The Real Estate Rolodex


Whether you’re selling your home or looking to buy one, you’ll likely need to enlist a small village in the process of making sure the house and property are suitable. On your own, there are obvious sources with whom you’ll need to be familiar—inspectors and contractors, for example—but what about reliable repairers? Radon testers? Licensed mold assessors? A local real estate agent probably “has a guy” for that. Realtors in the area say that constant continuing education about required testing and paperwork, knowledge of the area and a contact list that includes every source right down to the excavator make it simpler and more affordable to enlist their help.  Here are some of the unexpected team members you might meet in your real estate journey.

A local lawyer

“Surprisingly, most people say, ‘Oh, I need to hire an attorney?’ Yes, you need an attorney,” said local real estate agent Dawn Curreri—emphasis on the word local. Deborah Gorenflo, co-director of the Sullivan County Board of Realtors and licensed real estate salesperson, agreed. “Over 75 percent of our buyers are second-home buyers and they’re coming from Brooklyn, Long Island [or] New Jersey, and they want to use their attorney from there,” she said. “That is not a good idea. The local attorneys that are here deal with our local issues every day. So a local attorney is at the very top of my referral list.”

A home inspector

Of course you know your home needs to be inspected to enter the market. If you’re buying, surely you want a house that’s been checked. How do you know whom to trust? Real estate agents know meticulous and fair inspectors in the area. Importantly, Gorenflo said, they also suggest someone who’s relatively calm. “The last thing you need is a first-time homebuyer [and] the home inspector is saying ‘Oh my God, this is the worst thing I’ve ever seen,’” Gorenflo said. “You need a home inspector who knows what they’re doing and is looking for safety and code violations primarily.”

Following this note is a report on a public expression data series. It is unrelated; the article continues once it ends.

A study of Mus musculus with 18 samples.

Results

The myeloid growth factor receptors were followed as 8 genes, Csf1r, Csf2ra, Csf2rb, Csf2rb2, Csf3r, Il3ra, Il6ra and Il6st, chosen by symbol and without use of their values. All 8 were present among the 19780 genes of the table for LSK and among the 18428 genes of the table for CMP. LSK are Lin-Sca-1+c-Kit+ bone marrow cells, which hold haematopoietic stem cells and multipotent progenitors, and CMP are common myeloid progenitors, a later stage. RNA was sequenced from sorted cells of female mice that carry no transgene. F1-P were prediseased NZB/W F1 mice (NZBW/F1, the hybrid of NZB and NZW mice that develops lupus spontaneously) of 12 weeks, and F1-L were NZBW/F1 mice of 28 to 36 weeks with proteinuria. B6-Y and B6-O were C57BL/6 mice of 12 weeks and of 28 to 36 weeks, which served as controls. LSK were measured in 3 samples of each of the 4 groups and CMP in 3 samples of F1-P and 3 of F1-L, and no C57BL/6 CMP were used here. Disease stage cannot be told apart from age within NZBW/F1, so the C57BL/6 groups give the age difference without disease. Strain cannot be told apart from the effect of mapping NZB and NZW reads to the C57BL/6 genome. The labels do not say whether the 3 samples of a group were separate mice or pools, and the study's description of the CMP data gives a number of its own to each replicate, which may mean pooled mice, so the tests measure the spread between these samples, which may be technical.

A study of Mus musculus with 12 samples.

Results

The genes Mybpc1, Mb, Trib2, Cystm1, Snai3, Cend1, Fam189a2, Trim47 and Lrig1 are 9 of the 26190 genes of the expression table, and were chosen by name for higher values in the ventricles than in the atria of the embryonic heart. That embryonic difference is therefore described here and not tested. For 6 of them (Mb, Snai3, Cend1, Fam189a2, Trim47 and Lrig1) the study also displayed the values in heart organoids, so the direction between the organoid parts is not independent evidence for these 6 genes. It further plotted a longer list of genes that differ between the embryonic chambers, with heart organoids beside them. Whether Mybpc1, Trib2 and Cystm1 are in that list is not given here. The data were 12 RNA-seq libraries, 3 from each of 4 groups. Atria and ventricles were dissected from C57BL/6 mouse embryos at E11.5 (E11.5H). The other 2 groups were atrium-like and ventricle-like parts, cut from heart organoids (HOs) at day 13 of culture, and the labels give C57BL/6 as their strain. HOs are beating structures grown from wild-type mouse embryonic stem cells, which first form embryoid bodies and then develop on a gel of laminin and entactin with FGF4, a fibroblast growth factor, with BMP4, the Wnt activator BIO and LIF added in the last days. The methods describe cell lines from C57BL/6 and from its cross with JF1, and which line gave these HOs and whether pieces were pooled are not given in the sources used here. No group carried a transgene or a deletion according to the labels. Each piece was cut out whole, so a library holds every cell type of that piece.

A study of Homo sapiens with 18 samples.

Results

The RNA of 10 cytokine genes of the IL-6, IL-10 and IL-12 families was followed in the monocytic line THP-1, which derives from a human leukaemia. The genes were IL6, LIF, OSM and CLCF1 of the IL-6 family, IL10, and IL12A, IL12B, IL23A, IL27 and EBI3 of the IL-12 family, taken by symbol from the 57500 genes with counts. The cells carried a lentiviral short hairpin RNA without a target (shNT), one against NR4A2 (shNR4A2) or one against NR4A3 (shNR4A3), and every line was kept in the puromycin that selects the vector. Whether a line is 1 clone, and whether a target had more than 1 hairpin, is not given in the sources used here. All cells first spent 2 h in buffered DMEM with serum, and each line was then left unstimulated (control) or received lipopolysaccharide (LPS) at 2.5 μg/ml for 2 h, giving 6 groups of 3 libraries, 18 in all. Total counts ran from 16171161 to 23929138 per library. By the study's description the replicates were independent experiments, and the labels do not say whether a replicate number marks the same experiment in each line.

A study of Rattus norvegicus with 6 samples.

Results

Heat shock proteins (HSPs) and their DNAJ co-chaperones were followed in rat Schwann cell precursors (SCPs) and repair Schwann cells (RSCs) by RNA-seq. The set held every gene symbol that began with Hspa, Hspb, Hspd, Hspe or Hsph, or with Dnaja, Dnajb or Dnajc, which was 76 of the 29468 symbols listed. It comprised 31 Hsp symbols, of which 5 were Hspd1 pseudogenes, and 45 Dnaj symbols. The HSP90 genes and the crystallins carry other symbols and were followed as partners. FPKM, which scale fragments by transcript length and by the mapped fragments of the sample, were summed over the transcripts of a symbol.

Licensed mold assessors & water engineers

In rural areas like Sullivan, Wayne and Pike counties, cottages and farmhouses are often left unattended for weeks or months at a time. It’s not uncommon for spores to grow in basements or bacteria to infect water wells. A team of people may be involved in assessing, fixing and re-checking wells for bacteria or mold growth. If you’re buying land, you probably want to do a percolation test to see how the ground absorbs water and what condition the septic system is in. In that case, Curreri said, you’ll need an engineer. “If the water tests bad… it’s an easy fix, but you need a plumber for that,” she added, attaching another name to the ever-growing list of people involved in home buying and selling.

Repair people, plumbers and electricians

This one’s pretty self explanatory, but still requires a well-connected resource. There’s nothing worse than being overcharged for something as simple as a leaky sink.

Local banks

Home buyers, especially first-timers and locals, often need to take out loans. Banks and lenders offer varying rates to varying clients. Real estate agents learn constantly from local banks about what they’re offering, new services and affordability options.


Curreri recalled recent clients who were interested in buying a piece of land on which they could hunt. In this case, it was important for the buyers to have a surveyor see where their property ended and the next began.  If you’re interested in buying or selling a large piece of land, you’ll need to learn its exact boundaries through the help of a reliable surveyor.

Marketing and ad specialists

A local real estate agent knows how much traffic the local paper drives in, compared to real estate sites like Zillow. If you want more eyes on the property you’re selling, Gorenflo said, get advice from your agent about where to post the photos, how to construct selling points in listings and take pictures of marketable quality.

The list goes on: phone and utility services, tax and state officials, appraisers, hard and software suppliers—making all of these connections on your own could be a wallet-draining nightmare. Real estate agents can be your guide through the chaos, with a list of contacts on hand to ease the stress. “People think it’s very easy to sell real estate. You show a couple of houses and you make thousands of dollars,” Curreri said. “That’s not true.” She never gives clients just one name or option, but a list of attorneys, surveyors and other trained personnel whom she knows to be reliable. After that, the choice is yours.